Snap judgments: What playing time against the Browns tells us

David Boclair

It is one of the more confounding elements of the Tennessee Titans’ 43-13 victory at Cleveland on Sunday.

How could Corey Davis do so little with so much opportunity?

Identified by many as a player set for a big year because of his obvious ability, his experience and his health, the third-year wide receiver was on the field for 45 of the 61 offensive snaps against the Browns, which was the most for any Tennessee wide receiver, tight end or running back. In fact, the only ones on offense who got more plays were the five offensive linemen and quarterback Marcus Mariota.

Yet Davis (pictured) ended up with no receptions on three targets. That’s not exactly the stuff upon which a breakout season is built.

Mike Vrabel said Monday that Davis did have moments that stood out during the coaches’ film review even if they did not show up on the stat sheet.

“I don’t think anybody wants to go out there and not have what would be called a productive day on the stat sheet, but I do know (Davis) was doing everything we asked him to do,” Vrabel said. “… We understand what he can do, but it was the effort that I saw on the long screen [Derrick Henry’s 75-yard touchdown reception], on A.J.’s (Brown) catch that I’m proud of Corey for.

“The catches will come, the production will come, but it’s that type of effort that we’re going to need to have from him and everybody else to allow us to be successful.”

The fact that he was on the field for so many plays speaks to how prominently the fifth overall pick in the 2017 NFL Draft figures in the plans for the offense. Yet it is doubtful that the Titans can continue to win if he doesn’t produce more as a receiver.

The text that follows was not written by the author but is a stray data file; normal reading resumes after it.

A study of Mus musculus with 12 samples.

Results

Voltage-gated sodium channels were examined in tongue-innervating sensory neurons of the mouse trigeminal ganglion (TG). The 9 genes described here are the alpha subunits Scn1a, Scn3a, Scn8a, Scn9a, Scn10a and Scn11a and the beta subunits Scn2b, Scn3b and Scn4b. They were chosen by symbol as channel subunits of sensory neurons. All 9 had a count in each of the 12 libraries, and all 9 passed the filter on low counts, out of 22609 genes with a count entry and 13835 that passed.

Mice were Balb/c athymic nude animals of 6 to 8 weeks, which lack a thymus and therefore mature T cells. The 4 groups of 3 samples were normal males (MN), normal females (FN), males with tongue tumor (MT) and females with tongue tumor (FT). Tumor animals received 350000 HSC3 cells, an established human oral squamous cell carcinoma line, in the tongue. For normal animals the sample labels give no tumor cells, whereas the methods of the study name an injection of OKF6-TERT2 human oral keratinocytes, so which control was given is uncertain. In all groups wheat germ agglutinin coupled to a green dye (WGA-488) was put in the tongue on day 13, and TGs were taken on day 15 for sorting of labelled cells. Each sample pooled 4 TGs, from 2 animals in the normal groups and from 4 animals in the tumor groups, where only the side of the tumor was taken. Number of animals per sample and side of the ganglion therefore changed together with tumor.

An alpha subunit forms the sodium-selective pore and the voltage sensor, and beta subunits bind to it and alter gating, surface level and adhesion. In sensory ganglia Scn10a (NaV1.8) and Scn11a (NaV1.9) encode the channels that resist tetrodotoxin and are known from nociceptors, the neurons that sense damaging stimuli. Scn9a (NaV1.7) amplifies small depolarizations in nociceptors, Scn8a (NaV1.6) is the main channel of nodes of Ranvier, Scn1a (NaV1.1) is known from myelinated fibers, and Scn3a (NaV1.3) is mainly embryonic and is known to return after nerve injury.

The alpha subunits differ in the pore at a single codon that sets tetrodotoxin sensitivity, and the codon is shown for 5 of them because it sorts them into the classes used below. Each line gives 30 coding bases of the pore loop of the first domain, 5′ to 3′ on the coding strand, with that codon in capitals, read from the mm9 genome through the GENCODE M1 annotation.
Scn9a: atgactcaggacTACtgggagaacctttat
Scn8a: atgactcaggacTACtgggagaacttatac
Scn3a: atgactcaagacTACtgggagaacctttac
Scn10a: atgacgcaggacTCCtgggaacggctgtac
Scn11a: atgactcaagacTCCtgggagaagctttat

Other observations based on playing time:

Two-man operation: Henry stole the show with his 75-yard touchdown reception, but the Titans running back situation remains a division of labor. Henry was on the field for just 36 of the offense’s 61 snaps (59 percent). Dion Lewis was on the field for 26 snaps (43 percent). The bigger difference was the number of times the ball came each player’s way. Henry got 19 carries and one pass target, which means he got it on 56 percent of his snaps. Lewis had just three rushing attempts and was targeted four times in the passing game, which accounted for 26.9 percent of his plays. So while Lewis is going to get his opportunities, Henry is the one who is going to get the ball.

Young man’s job: Wesley Woodyard is the Titans’ version of Benjamin Button, the Brad Pitt character who aged in reverse. In the first game of his 13NFL season, Woodyard played 24 snaps on special teams and just 13 on defense. Typically, special teams are the way young players (most notably linebackers and defensive backs) get a foot in the door in the NFL. For Woodyard, at 33 years old, it is a way to keep from being shown the door.

Busy corner: Third-year cornerback Adoreé Jackson was the only one who played all 73 snaps on defense. The second of the Titans’ two first-round picks in 2017, Jackson got more work than most starters during the preseason while coaches looked for more consistency from him. Apparently, they have gotten to a point where they feel they can’t be without him on the field.

Pick your spots: Outside linebacker Cameron Wake got just 24 snaps on defense. The feeling from the time the Titans signed the 37-year-old was that less would be more in terms of playing time. That certainly was the case in this contest as Wake led all players with two and a half sacks and four quarterback hits. No reason to think he will be overloaded at any point this season.

Diving right in: Cornerback Chris Milton, claimed off waivers from Indianapolis last Monday, did as expected and was a significant performer on special teams with 19 snaps out of a possible 33. Milton also got three snaps with the defense, though, which suggests he will get more opportunities as he learns the particulars of the defense.

Staying active: Second-year linebacker Sharif Finch might still be a role player, but at least he has multiple roles. He was on the field for 56 percent of the defense’s snaps (41 of 73) and 70 percent of the special teams snaps (23 of 33). The more you can do, the longer you last and the 2018 undrafted free agent looks as if he could be around for a while.

More to come: Wide receiver Adam Humphries will have better days. In his Titans debut, the wide receiver most figured would become Mariota’s security blanket got just 22 snaps with the offense and caught one pass for five yards (t was a first down). Given that he got a four-year, $36 million free agent contract, Tennessee plans on more than that and will use him more in weeks to come.